Newsletter : 6fax0822.txt
Aug. 22, 1996 V4, #155
All the News the Big Guys Missed
PA Almost Bankrupt
"The Palestinian Authority is on the verge of economic collapse,"
says Terje Larsen, the UN special coordinator with the PA. He
claims that the huge financial deficit could lead to political
instability. The PA owes almost 7 million shekels to Hadassah
Hospital in Jerusalem; the Israeli government refuses to pay the
hospital from funds it has agreed to pay the PA, because Hadassah
is a private institution.
Netanyahu and Peres At It Again
Sources within the Palestinian Authority are saying a meeting
between Arafat and Shimon Peres will likely take place this week in
Ramallah. The meeting has become the subject of controversy and
mutual attacks between Peres and Prime Minister Netanyahu. The
Prime Minister has attacked Peres for "placing sticks in the wheels
of the negotiations. When I was in the opposition, I never deigned
to hold negotiations with Arab leaders."
Peres responded to the criticism by saying, "Netanyahu's memory is
a bit short. He met with King Hussein and with Crown Prince Hassan,
and no one said a word to him. I have no intention of representing
the government, but I represent at least half of the nation who
wants the peace process to continue."
Levy Messages Assad
By Al Pessin (VOA-Jerusalem)
Israel's foreign minister has sent a message to Syria in an effort
to ease tensions which have built between the two countries during
the past few days.
Levy told Israel Radio the message is intended to clarify to Syrian
President Hafez al-Assad that Israel wants to resume peace talks,
and believes the rhetoric of recent days is counter-productive.
Early in the week, Israeli leaders vowed to respond forcefully to
any strike against Israeli forces, particularly in southern
Lebanon, where Syria has considerable influence.
Official Syrian newspapers responded by blasting Israeli leaders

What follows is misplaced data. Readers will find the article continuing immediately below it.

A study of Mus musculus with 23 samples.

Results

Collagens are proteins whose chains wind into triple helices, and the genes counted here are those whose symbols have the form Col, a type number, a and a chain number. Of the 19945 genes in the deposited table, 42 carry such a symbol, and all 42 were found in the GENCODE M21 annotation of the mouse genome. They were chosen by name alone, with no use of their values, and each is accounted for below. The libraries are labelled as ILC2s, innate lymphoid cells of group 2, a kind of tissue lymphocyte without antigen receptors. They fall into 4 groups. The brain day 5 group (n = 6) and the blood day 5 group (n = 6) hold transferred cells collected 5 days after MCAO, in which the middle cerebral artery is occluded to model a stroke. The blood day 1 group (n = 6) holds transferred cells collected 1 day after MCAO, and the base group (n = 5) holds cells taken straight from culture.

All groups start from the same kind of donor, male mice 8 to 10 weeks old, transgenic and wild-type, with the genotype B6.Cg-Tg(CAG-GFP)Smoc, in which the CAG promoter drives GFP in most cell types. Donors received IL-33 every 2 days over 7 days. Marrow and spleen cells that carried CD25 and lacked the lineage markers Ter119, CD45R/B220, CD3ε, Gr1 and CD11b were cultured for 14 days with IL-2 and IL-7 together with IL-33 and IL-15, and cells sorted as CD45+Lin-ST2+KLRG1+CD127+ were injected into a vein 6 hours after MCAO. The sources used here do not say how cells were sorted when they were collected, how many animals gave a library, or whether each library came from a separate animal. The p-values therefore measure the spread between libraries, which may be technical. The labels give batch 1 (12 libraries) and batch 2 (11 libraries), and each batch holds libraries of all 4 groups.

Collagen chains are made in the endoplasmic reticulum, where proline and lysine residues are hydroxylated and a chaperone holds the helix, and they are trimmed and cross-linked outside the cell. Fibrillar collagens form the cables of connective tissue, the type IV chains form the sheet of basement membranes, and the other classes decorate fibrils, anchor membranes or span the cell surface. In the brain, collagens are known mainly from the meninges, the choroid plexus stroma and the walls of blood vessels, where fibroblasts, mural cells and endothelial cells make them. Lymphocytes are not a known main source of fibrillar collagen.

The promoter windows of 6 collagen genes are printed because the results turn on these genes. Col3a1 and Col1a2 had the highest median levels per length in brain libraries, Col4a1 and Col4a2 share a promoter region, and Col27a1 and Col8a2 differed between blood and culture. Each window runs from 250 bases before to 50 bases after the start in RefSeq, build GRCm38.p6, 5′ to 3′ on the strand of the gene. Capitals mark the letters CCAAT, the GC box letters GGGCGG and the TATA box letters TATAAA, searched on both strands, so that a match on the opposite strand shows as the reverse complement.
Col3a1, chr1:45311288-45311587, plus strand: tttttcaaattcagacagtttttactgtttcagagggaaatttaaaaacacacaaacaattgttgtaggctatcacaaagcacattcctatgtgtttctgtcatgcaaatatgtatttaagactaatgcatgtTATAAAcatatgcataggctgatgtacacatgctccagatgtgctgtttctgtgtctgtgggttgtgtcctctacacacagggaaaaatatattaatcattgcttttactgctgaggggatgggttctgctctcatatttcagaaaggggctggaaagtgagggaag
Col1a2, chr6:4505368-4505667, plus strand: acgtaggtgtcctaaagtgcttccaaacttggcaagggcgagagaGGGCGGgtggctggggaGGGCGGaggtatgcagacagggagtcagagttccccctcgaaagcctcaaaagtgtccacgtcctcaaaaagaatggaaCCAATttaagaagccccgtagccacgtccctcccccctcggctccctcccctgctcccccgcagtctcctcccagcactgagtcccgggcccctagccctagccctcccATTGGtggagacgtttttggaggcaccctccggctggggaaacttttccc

for, in the Syrian view, abandoning the search for peace. In
addition, Syria recently tested a new, more-sophisticated version
of the SCUD missile, capable of reaching Israeli cities. And on
Tuesday, Israel conducted the first operational test of its new
The combination of rhetoric and missile tests, along with the
lack of peace talks, raised new fears in Israel of a possible
future war with Syria, although there was harsh Syrian rhetoric
even during peace talks with Israel's former government. Levy said
Wednesday the new government's top priority is to avoid war.
Syria: Israel Conducting Hysteria Campaign
By Laurie Kassman (VOA-Cairo)
Syria's official media accuses Israel of waging a campaign of
hysteria a day after Israel's foreign minister accused Syria of
undermining the peace process with its long-range SCUD missile
tests. Tensions are rising between two reluctant peace partners
The Baath party newspaper accuses Israel's Prime Minister Benjamin
Netanyahu of fueling tensions to force Syria into a compromise on
the Golan Heights.
Syria wants israel to return all the strategic border area, which
is seized in the 1967 Arab-Israeli war. Netanyahu opposes the
principle of land for peace and wants Syria to first talk about
security in southern Lebanon.
Al Baath newspaper accuses Netanyahu of shutting the door on the
peace process and resorting to a policy of threats to escalate
tension to the maximum.
Al Baath Monday accused the Israeli prime minister of beating the
drums of war when he threatened to intensify the battle against
Hizbullah terrorists in south Lebanon.
Syria's official daily Tishreen went on the offensive, calling
Israel's nuclear facilities a threat to regional peace and calling
for their inspection.
Tensions have increased between Syria and Israel since the election
of a hardline Israeli government in May. Netanyahu rejects the
land for peace principle that has been the reference point of the
five year old peace process. Syria says there will be no peace
until it gets back all the Golan Heights.
Last month, Israel offered to resume peace talks with Syria, but
Netanyahu says he wants to talk about security in southern Lebanon
first. Syria and Lebanon refuse the Lebanon First proposal.
Syria reportedly tested SCUD missiles capable of reaching any point
in Israel. Syria recently carried out a test launch of SCUD-C
missiles, which have a range of approximately 375 miles and are
capable of reaching any location in Israel.
The test launch, together with recent military exercises of the
Syrian Army, have raised concern among Israeli defense officials.
The officials believe that the launch, which attempted to test an
ability to fire the missiles under operational circumstances, was
meant as a veiled threat toward Israel. Israel Radio quoted foreign
reports claiming that Syria possesses more than 300 ballistic
missiles. In addition to developing the improved SCUD-C rockets,
Syria is also working on a torpedo and has developed the most
advanced chemical weapons program in the Arab world.